Basketball star Patty Mills says he wants to unite Australia as he gets set to become the country’s first Indigenous Olympic flagbearer at Friday’s opening ceremony.
Mills will be joined by swimmer Cate Campbell at the opening ceremony in Tokyo, a historic pairing for Australia, with Campbell the first female swimmer to be given the honour.
The Matildas opened their Olympic campaign on Wednesday by proudly posing behind an Indigenous flag and Mills said he was inspired by the amount of Indigenous colour and art he has seen in Australia’s section of the athletes’ village.
“It’s something that’s very unifying, as the Olympic Games is. So for us to walk in and feel that impact, I can only assume the greater Australian team had that same feeling as well.”
As Mills strides out alongside Campbell at the opening ceremony, he will be aiming to build on the legacy left by the iconic Cathy Freeman, who famously carried both flags after winning gold in the 400m at the Sydney Olympics 21 years ago.
“For me, it’s Cathy and seeing how she represented herself, how she represented her people and what she was able to do throughout her career,” Mills said.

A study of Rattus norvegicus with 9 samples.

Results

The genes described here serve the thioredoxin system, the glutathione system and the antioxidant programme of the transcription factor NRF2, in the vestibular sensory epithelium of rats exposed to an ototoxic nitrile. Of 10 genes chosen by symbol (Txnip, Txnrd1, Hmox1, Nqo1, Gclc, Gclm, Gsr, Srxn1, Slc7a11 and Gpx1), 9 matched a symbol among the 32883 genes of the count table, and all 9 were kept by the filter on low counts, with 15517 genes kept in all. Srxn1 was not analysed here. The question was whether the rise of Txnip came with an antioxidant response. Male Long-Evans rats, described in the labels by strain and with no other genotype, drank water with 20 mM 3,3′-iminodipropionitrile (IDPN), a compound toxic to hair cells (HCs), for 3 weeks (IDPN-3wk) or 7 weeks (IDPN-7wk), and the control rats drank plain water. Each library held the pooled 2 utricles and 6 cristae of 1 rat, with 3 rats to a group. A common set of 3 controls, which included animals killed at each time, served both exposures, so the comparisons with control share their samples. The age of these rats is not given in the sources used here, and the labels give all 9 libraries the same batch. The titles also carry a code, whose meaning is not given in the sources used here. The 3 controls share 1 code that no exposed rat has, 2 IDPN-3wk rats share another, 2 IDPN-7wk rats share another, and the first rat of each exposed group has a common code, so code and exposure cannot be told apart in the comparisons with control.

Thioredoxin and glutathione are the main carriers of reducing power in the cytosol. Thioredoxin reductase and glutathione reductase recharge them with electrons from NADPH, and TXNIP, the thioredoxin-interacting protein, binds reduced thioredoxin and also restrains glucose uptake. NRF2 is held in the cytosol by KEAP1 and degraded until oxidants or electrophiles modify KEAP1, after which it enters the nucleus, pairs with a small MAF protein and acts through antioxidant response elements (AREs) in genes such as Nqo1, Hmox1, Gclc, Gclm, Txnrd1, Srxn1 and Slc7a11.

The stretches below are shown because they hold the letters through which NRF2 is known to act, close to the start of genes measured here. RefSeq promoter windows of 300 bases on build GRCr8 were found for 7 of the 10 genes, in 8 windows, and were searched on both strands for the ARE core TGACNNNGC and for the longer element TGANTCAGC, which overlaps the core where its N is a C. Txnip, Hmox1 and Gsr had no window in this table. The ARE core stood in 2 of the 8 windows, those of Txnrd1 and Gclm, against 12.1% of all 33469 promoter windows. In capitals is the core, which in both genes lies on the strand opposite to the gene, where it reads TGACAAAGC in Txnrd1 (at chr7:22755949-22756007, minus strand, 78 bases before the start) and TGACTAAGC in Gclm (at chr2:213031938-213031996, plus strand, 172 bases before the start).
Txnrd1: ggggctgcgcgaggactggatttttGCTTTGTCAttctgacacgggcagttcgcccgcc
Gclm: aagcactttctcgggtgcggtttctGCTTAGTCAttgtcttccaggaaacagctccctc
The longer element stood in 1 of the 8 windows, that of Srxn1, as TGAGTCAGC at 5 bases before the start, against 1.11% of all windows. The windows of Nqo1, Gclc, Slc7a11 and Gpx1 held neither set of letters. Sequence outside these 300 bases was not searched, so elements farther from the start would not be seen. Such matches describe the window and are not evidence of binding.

“As a proud Indigenous man I have a lot of things that are symbolic and have a lot of meaning to me. At the end of the day, it’s how it makes me feel as a competitior, and where I get my motivation from to achieve certain things.
“And the last thing is identity, it’s being able to showcase who you are throughout the world. For me, it’s one of those things that makes you proud of who you are.
“To be able to do it in a unifying way with the greater Australian team, I think this is what it’s all about. We’ve definitely come a long way. It’s special.”
Mills and the Boomers are aiming to claim an elusive Olympic medal and will face a hungry Nigeria team in the opening match on Sunday night.
The 32-year-old admitted that the team was yet to have conversations over whether they would take a knee prior to the match as a silent protest against racial injustices.
“It’s one of those things, as a team sport there are always things you try to find to come together and bond,” he said.
“If that helps you compete, that’s what should be done.”